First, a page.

President Carter's hospital cost control bill, which he considers a critical element in his fight against inflation, yesterday cleared its first congressional hurdle.

The bill, which would trigger mandatory controls in 1980 if a voluntary effort by hospitals to hold down costs fails this year, was approved 6-to-3 by the House Ways and Means health subcommittee.

The bill now goes to the full committee, where the chief lobbyist for the Federation of American Hospitals, Michael D. Bromberg, predicted a "very close" vote.

Health subcommittee Chairman Charles Rangel (D-N.Y.) said cost containment might come up in the full committee as early as next week, but could be delayed.

Neverthless, the committee appears to be the best opportunity the administration has for moving the bill to the House floor.

The bill is moving more slowly in two Senate committees which have jurisdiction, Human Resources and Finance, and it faces tough opposition in a second House committee, Interstate and Foreign Commerce.

The House Democratic leadership has set a late July deadline for bringing the bill to the floor and Rangel said yesterday he expects the leadership to bring up the Ways and Means version even if the Commerce Committee has not acted or does not pass it.

Even if the Commerce Committee does not report a bill, House Speaker Thomas P. (Tip) O'Neill Jr. (D-Mass.) said yesterday, "I will find a means and a method to get the bill to the floor."

The administration estimates the bill would save $3.7 billion in fiscal year 1980. In a breakdown of that figure the administration said it would save $1.4 billion in the federal budget, over $420 million in state and local budgets and almost $1.9 billion in private health insurance and payments by individuals.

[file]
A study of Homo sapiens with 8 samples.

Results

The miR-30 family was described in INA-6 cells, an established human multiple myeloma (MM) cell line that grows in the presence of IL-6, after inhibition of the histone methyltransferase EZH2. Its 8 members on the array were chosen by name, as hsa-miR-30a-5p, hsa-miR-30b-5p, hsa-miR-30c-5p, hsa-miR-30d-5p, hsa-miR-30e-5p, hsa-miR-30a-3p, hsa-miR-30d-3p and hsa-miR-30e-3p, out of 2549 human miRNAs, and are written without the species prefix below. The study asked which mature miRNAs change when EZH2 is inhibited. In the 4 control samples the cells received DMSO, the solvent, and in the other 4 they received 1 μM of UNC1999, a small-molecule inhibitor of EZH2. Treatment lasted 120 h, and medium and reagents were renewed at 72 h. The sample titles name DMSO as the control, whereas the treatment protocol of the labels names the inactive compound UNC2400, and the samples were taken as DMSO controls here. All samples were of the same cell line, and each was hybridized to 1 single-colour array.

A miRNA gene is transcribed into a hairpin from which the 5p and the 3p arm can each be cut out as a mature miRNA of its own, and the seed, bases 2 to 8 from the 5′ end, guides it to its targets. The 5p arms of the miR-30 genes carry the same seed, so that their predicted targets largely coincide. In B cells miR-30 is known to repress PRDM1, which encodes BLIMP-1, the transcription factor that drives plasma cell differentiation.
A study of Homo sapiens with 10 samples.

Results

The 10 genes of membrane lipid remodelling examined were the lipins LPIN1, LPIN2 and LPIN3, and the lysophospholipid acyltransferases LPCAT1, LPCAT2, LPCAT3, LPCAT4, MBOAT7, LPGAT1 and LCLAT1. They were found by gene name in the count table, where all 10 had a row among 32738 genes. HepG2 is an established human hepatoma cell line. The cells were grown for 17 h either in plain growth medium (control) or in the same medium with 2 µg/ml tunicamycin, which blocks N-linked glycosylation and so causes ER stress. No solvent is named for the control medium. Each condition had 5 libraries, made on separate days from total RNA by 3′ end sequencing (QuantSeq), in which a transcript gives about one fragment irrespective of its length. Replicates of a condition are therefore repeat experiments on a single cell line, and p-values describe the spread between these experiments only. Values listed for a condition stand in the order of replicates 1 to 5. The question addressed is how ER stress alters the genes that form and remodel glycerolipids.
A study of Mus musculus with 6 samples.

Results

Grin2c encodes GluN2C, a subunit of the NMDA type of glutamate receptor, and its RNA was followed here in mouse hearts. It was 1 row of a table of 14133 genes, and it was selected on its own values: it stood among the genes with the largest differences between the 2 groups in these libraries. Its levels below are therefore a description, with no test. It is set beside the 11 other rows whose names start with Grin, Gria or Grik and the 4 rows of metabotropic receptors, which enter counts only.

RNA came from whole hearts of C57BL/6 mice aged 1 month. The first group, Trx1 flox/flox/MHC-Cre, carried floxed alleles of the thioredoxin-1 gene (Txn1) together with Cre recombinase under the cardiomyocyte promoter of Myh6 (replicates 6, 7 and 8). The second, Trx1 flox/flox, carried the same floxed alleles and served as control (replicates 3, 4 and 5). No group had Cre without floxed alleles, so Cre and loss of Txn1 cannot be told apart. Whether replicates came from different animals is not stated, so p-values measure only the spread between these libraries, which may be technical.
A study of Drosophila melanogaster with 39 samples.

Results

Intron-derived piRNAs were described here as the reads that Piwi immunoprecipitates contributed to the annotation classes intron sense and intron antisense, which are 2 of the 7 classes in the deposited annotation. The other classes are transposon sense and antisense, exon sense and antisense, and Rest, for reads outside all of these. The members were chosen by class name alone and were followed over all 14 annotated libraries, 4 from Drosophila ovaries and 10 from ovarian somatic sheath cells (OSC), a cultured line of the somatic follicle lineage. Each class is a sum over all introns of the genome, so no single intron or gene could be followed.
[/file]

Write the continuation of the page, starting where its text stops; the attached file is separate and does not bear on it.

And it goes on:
A voluntary effort begun in 1978 by the hospital industry will cut the inflation rate to 11.6 percent this year, they hope. Industry officials claim it is impossible to meet the 9.7 percent goal in the administration bill. That figure could change, however, depending on the inflation rate.

Hospital officials strongly oppose government controls. Last year they successfully held off cost containment legislation, but admit that new emphasis on austerity and inflation will make it tougher to defeat the bill.

If hospitals meet the inflation figure set by the secretary of health, education and welfare, no mandatory controls would go in effect. Controls would stay off for each year that the hospitals meet the figure. And each year the secretary of health, education and welfare would compute the inflation rate limit, taking into account a number of factors.

If mandatory controls were triggered, some 57 percent of all hospitals would escape them. There are exemptions for federal hospitals, small non-urban hospitals, institutions less than 3 years old, hospitals in state where mandatory or voluntary programs are successful and health maintenance organization hospitals would be exempt.

The subcommittee yesterday adopted one important change that would strengthen a provision that forbids a hospital from meeting the limit by changing admission practices to keep out charity cases or patients with costly illnesses. The new language would prohibit changing admission practices to include sending charity patients or emergency room patients to other hospitals.

Otherwise, the subcommittee largely added to the exemptions for certain hospitals. Rep. Harold Ford (D-Tenn.) exempted children's hospitals which draw patients from a wide area and children's hospitals doing research. Shriner's hospitals for children were also exempted.

Rep. Charles Vanik (D-Ohio) exempted clinics which specialize in treating cancer or other specific diseases.

Alaska and Hawaii which have higher rates of inflation were allowed a higher rate of increase.